Through lavish photos by masters such as Cecil Beaton, Horst, and Richard Avedon, we leap inside the glittering world of Lady Diana Cooper, Lady Cunard, Ali Khan, Cole Porter, Violet de Trefusis, Fulco de Verdura, Edith Sitwell, Noel Coward, Mona Bismarck, Alexis de Rede, Marie-Laure de Noailles, Lady Mendl (Elsie de Wolfe) Diana Vreeland, the Duke and Duchess of Windsor, Charles de Bestegui, and sparkling names too fabulous and rich and fragrant to mention.
“In its brilliance, its creative vitality, its eccentricity, its desire to shock, and its untroubled affinity with money, café society created a posthumous image of itself as a golden age, a paradise lost, in which nothing had more point than the pointless, nothing was more profound than the superficial, and elegance and an inimitable art de vivre took precedence over everything, for the pleasure of a few and the happiness of all.” — Thierry Coudert, author of ‘Café Society’
Jeweled and scented members of café society were the trend setters, artistic patrons, and idolized celebrities of the early twentieth century.
As an unofficial club (most of them knew each other) of socialites, aristocracy, and artists, they lived large and thought nothing of traveling the world to attend the most over-the-top, extravagant parties and happenings.
Café society was defined by who was invited to these exclusive events and who was not – an exclusivity that extended beyond matters of rank or birth.
Members of this avidly followed social circle set trends and offered confirmation of what was chic in fashion, the arts, travel destinations.
They were the original style arbiters, whose patronage determined which artists, designers, and musicians were in vogue.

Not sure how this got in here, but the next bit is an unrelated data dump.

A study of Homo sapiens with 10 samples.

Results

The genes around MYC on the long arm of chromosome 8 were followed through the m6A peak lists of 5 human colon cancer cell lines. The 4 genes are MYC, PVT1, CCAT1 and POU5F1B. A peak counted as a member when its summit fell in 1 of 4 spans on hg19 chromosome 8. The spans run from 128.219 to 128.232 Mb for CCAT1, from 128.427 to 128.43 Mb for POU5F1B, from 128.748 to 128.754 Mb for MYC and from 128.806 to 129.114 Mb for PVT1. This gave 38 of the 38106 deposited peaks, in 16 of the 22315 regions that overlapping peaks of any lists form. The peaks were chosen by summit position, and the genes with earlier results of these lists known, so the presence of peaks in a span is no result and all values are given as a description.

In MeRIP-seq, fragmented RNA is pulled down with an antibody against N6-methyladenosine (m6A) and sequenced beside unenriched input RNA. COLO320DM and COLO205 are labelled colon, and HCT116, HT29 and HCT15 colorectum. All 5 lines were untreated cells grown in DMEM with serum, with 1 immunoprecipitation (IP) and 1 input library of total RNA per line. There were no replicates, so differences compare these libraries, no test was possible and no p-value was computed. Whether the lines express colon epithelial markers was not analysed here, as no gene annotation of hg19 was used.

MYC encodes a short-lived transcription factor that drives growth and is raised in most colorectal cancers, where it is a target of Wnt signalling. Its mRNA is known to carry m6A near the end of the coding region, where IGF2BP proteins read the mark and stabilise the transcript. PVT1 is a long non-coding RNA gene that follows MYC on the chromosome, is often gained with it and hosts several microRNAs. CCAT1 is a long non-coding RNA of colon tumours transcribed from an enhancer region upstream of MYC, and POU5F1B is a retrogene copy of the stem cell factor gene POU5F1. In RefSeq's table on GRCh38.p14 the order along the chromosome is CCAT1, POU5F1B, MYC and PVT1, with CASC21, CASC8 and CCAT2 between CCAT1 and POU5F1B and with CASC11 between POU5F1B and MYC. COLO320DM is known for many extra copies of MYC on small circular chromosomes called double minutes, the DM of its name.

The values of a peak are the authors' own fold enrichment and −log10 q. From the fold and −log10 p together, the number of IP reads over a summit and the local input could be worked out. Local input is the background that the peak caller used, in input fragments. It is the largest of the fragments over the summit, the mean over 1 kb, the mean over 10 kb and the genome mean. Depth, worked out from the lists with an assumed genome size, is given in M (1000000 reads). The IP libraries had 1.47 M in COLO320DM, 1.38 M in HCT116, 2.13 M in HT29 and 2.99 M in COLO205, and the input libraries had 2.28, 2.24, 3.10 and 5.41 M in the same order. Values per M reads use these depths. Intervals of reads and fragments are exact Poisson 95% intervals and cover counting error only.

‘Cafe Society’—with paintings and private photos from the scrapbook of the Baron de Cabrol, includes images of interiors by Jean-Michel Frank, fashions by Cristobal Balenciaga and Elsa Schiaparelli, jewels by Cartier and Van Cleef & Arpels, and offers an exclusive look into the world these handsome men and beautiful women inhabited.
For added spice, gossipy chapters include juicy and mordant tidbits (mere rumors, quite often) about their glamorous personal lives. These histories of this international set illustrate how café society capriciously decided who would be included (beauty would get you everywhere) , and how they influenced society, as well as the art, ballet, theater, literature, and architecture worlds they encouraged.
The author: Paris-based Thierry Coudert co-authored the exhibition catalog for Cartier 1899–1949 at the Calouste Gulbenkian Foundation in 2007. A close friend of café society ringleader Alexis de Redé and a collector of Art Deco furniture and decorative pieces, Coudert has an extensive personal archive of period publications and ephemera on café society.
CAFÉ SOCIETY: Socialites, Patrons, and Artists in Paris 1920 to 1960
Thierry Coudert, 320 pages, 250 illustrations and photographs.
Flammarion, distributed by Rizzoli New York.
All images used with express permission of the publisher.